Looking at the world around us, it’s easy to see where female entrepreneurs have impacted change. We sat down with seven of our extraordinary female clients to discuss their career success and what drives them to help their communities.
Soledad O’Brien, Co-Founder and Chairperson of PowHERful Foundation, is a celebrated former television anchor and correspondent for CNN, HBO, Al Jazeera America and other high-profile outlets. While reporting on Hurricane Katrina, O’Brien met many young women who struggled to make college a reality, in the aftermath of the disaster and generational poverty.
“We decided to start the PowHERful Foundation with the mission of getting young women to, and through, college by providing financial assistance and mentorship services. Working with the Foundation helps me make a difference. And the women we work with, our Scholars, are now on a path towards a brighter future – and will go into the world more able to help others.”
O’Brien emphasizes the value of mentorship, for individuals and their larger communities: “Helping one young woman can cause a ripple effect throughout her family, friends and community. With my team, I am transforming lives — one young woman at a time.”
Entrepreneur and investor Anu Duggal started Female Founders Fund (F Cubed), a VC firm that provides capital to tech startups founded by women. Duggal credits her success to “thinking out of the box and focusing on new opportunities that others have ignored. This often ends up being a riskier path but has the potential for much more impact long-term.”
Duggal encourages people in hiring or operating roles to “think more broadly before you make your next hire. There are many highly qualified women who are out there and sometimes it just requires making a little extra effort to widen your applicant pool.”
Sutian Dong, formerly at FirstMark Capital, joined F Cubed as a Partner in 2016. “Along with another female investor, Jessica Peltz of KBS Ventures, I have managed and grown a community of early-stage female investors to over 350 women across 15 countries. We have a directory, host dinners, conduct office hours and more to develop professional opportunities within this group.”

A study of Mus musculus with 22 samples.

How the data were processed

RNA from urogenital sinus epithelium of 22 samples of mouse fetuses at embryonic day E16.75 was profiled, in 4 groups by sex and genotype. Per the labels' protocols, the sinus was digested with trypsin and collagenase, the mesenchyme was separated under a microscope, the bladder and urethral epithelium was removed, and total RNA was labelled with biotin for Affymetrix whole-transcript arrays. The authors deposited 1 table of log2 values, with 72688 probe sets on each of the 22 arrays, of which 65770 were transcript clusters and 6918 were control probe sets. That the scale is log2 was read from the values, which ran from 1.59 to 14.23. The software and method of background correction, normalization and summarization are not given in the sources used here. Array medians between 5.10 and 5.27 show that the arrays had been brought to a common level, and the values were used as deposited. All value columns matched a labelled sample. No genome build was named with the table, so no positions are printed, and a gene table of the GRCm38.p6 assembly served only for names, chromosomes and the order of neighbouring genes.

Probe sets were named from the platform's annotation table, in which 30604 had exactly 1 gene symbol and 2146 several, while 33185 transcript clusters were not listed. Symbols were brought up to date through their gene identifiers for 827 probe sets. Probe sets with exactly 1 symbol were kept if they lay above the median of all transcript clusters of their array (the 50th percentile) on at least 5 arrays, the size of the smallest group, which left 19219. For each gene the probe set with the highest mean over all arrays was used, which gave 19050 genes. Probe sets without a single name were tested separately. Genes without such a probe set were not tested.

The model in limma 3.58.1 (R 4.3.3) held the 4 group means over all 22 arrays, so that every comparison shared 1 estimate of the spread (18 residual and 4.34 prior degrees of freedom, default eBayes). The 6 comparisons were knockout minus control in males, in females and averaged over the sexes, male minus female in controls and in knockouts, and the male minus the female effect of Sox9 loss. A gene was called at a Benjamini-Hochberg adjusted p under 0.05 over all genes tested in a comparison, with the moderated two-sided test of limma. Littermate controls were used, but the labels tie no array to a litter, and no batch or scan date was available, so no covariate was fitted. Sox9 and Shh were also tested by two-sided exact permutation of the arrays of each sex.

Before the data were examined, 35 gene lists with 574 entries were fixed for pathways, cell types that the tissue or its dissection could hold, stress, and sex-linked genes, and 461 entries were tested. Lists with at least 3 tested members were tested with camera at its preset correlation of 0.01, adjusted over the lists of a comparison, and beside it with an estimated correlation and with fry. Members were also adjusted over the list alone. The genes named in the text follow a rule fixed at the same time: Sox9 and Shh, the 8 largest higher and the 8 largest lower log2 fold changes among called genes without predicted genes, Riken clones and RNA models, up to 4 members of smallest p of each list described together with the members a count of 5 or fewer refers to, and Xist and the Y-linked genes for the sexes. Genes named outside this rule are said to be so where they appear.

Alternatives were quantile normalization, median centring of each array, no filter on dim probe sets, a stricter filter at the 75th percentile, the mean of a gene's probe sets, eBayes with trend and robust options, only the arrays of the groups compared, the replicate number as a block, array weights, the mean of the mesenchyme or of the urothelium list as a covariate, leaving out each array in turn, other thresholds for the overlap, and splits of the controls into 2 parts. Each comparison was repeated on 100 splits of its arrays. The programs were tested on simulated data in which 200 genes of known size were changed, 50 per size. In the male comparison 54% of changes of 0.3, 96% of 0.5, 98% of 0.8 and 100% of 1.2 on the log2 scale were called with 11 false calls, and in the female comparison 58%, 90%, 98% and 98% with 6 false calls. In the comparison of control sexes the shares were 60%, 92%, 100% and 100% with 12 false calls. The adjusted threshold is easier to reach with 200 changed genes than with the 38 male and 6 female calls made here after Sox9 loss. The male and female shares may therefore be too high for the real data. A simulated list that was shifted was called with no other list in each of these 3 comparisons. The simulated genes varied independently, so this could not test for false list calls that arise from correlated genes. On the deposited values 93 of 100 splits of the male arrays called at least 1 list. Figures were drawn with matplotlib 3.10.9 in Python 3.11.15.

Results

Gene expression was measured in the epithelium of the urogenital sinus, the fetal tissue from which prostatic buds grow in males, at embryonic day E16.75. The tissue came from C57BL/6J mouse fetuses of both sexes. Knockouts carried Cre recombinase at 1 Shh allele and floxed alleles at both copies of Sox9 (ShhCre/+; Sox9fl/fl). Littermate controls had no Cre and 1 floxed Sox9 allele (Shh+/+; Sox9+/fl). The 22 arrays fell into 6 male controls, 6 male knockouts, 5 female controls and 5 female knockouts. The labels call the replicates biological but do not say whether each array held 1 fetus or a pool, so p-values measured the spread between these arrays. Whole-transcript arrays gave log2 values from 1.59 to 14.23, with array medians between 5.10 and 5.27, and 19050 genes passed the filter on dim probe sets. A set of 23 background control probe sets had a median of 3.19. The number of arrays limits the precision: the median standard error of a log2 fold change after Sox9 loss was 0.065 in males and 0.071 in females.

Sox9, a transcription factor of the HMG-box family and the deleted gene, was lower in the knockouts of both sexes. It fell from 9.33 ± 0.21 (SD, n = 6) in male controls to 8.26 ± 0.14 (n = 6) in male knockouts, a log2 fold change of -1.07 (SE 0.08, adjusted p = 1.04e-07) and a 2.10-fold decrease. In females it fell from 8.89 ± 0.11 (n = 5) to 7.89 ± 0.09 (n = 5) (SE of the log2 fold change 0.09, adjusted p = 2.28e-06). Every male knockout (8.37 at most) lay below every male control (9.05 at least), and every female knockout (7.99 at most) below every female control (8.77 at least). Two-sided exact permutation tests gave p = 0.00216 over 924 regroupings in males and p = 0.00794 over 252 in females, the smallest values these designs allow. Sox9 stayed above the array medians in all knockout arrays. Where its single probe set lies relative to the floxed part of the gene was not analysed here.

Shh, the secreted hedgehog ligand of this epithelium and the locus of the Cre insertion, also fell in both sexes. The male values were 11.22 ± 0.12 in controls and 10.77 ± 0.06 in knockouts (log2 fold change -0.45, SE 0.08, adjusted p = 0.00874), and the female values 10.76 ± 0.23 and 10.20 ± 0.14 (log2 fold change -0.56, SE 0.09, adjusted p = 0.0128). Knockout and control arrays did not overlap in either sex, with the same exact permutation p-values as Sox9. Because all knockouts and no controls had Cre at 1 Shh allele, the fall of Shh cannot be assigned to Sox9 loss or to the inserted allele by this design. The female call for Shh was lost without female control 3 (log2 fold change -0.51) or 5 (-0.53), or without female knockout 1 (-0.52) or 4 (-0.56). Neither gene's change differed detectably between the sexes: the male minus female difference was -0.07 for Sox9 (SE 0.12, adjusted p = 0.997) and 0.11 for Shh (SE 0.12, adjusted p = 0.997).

Dong urges people to “change perceptions at inception. Whether you are starting a project, team or company, take the opportunity of a blank slate to solicit opinions from all members of your team.”
Brit Morin, Founder of digital media and commerce company Brit + Co, calls for fostering a community of female entrepreneurs. “I’m lucky enough to be part of an incredible community of these women, and I believe that if we keep encouraging each other, mentoring each other, working together and showing why we can be successful CEOs, CFOs, engineers or whatever it may be, then change is inevitable.”
Chefs Susan Feniger and Mary Sue Milliken, business partners of more than 30 years, established the Border Grill Restaurants in Los Angeles and Las Vegas. Both Milliken and Feniger have starred in The Food Network’s “Too Hot Tamales” series and competed on Bravo’s “Top Chef Masters.”
“Many years ago, as a kid, I must have been fighting for change without knowing it,” Feniger says. “When I was in high school, I took on a ‘little sister’ from a very underprivileged family that was pretty rough. I loved her and felt it was something important for me to make a difference in my lifetime. I was for sure rebellious as a kid, but always felt a connection, and still do, for the underdog… At Border Grill, we are proud of our legacy of fostering an environment of parity and inclusiveness at every level of the company.”
Milliken says she thinks a lot about the future and how the world can be great for her children and grandchildren. “Change is inevitable — so why not go BIG? Tackling big changes with bold initiatives is the way to get things done.”
“Our lives are so complex these days,” Feniger adds. “I really feel more education for our youth, and for adults whenever possible, is critical… The better we understand each other, the more we can accomplish.”
Dr. Judy Guzman-Cottrill, DO, is a physician specializing in infectious diseases with expertise in healthcare infection prevention. In 2015, Guzman-Cottrill decided to start her own infection prevention consulting business. “My consultancy has allowed me to partner with public health leaders across the country. It’s exciting and important work.”
Moreover, now is an exciting and important time for women everywhere, she says. “I am encouraged when I meet women colleagues as business owners and organizational leaders. We must recognize and demonstrate our strengths to our own colleagues, both male and female.”
Guzman-Cottrill makes an effort to share her values with her family: “Most importantly, I celebrate every single career accomplishment (big and small) with my 10-year-old daughter, Ruby.”